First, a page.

A Makers Camp will be held in Columbus next week for USD 493 junior high students. The camp will be held from 9:00 to 1:00 on December 18, 19, and 20, at the Crossland Heavy Construction building at 501 S. East Avenue and is open to local 6th, 7th, and 8th graders. A $25 fee is required but need-based scholarships are available. The registration form is available through the link above.
The maker movement is about teaching and learning that is focused on student centered inquiry. “There are essential elements of educating young people to become innovators: the value of hands-on projects where students have to solve a real-world problem and demonstrate mastery; the importance of learning to draw on academic content from multiple disciplines to solve a problem; learning to work in teams” (Wagner & Compton, 2012).
At the Columbus Makers Camp, students will have the opportunity to experience hands-on demonstrations of computer circuitry and coding, drones and their use in photography, laser engraving, graphic design, woodworking, vinyl cutting, needlework, and 3D printing. Each student will have the opportunity to laser engrave a water bottle to take home; DEPCO Enterprises of Pittsburg, Kansas, is generously providing the laser engraving equipment needed for this activity. Another class will involve students working in teams to use Arduino kits. Arduino is an open-source hardware and software company, project, and user community that designs and manufactures single-board microcontroller kits for building digital devices and interactive objects that can sense and control objects in the physical and digital world. Arduino board designs use a variety of microprocessors and controllers. The Arduino project started in 2003 as a program for students, aiming to provide a low-cost and easy way for novices and professionals to create devices that interact with their environment using sensors and actuators. Common examples of such devices intended for beginner hobbyists include simple robots, thermostats, and motion detectors. NetWork Kansas provided funds to purchase the Arduino kits. Students will also visit two local businesses that utilize innovative technology daily: Team Threads and Vital Signs.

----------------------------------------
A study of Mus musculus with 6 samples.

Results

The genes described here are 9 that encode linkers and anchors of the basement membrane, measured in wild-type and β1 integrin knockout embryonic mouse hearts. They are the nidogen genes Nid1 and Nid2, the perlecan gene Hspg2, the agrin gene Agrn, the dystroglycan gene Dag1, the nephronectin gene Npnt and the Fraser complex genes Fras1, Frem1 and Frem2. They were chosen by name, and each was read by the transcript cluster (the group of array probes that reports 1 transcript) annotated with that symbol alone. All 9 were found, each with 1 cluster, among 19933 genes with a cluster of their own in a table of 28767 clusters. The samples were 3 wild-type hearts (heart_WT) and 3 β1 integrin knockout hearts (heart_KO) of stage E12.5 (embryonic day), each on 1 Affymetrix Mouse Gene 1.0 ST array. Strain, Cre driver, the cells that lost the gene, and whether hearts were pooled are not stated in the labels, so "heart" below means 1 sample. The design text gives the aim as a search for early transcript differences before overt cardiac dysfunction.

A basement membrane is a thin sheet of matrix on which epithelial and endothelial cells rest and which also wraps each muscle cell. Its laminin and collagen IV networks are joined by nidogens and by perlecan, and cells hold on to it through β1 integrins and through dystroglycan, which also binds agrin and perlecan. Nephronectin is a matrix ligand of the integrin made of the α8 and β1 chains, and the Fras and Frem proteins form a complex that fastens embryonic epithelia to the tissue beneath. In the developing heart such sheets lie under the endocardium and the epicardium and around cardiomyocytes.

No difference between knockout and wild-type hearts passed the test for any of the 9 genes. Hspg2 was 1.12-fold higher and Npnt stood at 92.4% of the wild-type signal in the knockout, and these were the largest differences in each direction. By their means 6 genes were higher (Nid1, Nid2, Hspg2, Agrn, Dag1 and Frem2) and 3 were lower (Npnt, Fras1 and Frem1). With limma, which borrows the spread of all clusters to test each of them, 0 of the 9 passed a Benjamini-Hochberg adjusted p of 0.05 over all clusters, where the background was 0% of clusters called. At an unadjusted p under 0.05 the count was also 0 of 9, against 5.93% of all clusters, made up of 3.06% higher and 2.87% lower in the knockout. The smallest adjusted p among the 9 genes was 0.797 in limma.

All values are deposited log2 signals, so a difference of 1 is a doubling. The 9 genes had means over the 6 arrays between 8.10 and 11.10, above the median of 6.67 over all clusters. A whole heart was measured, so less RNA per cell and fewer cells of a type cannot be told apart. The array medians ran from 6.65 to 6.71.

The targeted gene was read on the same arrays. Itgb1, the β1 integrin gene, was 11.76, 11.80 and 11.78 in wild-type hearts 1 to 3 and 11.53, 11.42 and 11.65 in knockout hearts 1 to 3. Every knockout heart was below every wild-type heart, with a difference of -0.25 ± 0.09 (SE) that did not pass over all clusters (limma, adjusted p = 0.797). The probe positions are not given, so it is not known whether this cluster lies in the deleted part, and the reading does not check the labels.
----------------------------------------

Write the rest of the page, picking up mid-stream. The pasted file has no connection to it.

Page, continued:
A makerspace is a collaborative work space inside a school, library, or separate public/private facility for making, learning, exploring, and sharing that uses high-tech to no-tech tools. These spaces are open to kids, adults, and entrepreneurs and have a variety of maker equipment including 3D printers, laser cutters, CNC machines, soldering irons, and even sewing machines. The maker mindset of creating something out of nothing and exploring individual interests is at the core of a makerspace. These spaces are also helping to prepare those who need critical 21st century skills in the fields of science, technology, engineering, and math (STEM). They provide hands-on learning, help with critical thinking skills, and even boost self-confidence. Makerspaces are also fostering entrepreneurship and are being utilized as incubators and accelerators for business startups.
Sponsors of the Columbus Makers Camp are KissTECH, the Cherokee County Economic Development Commission, K-State Research and Extension Cherokee County 4-H Program, and Crossland Construction. For more information, contact Liz Simpson of Crossland Construction at email@example.com or 620-674-1459.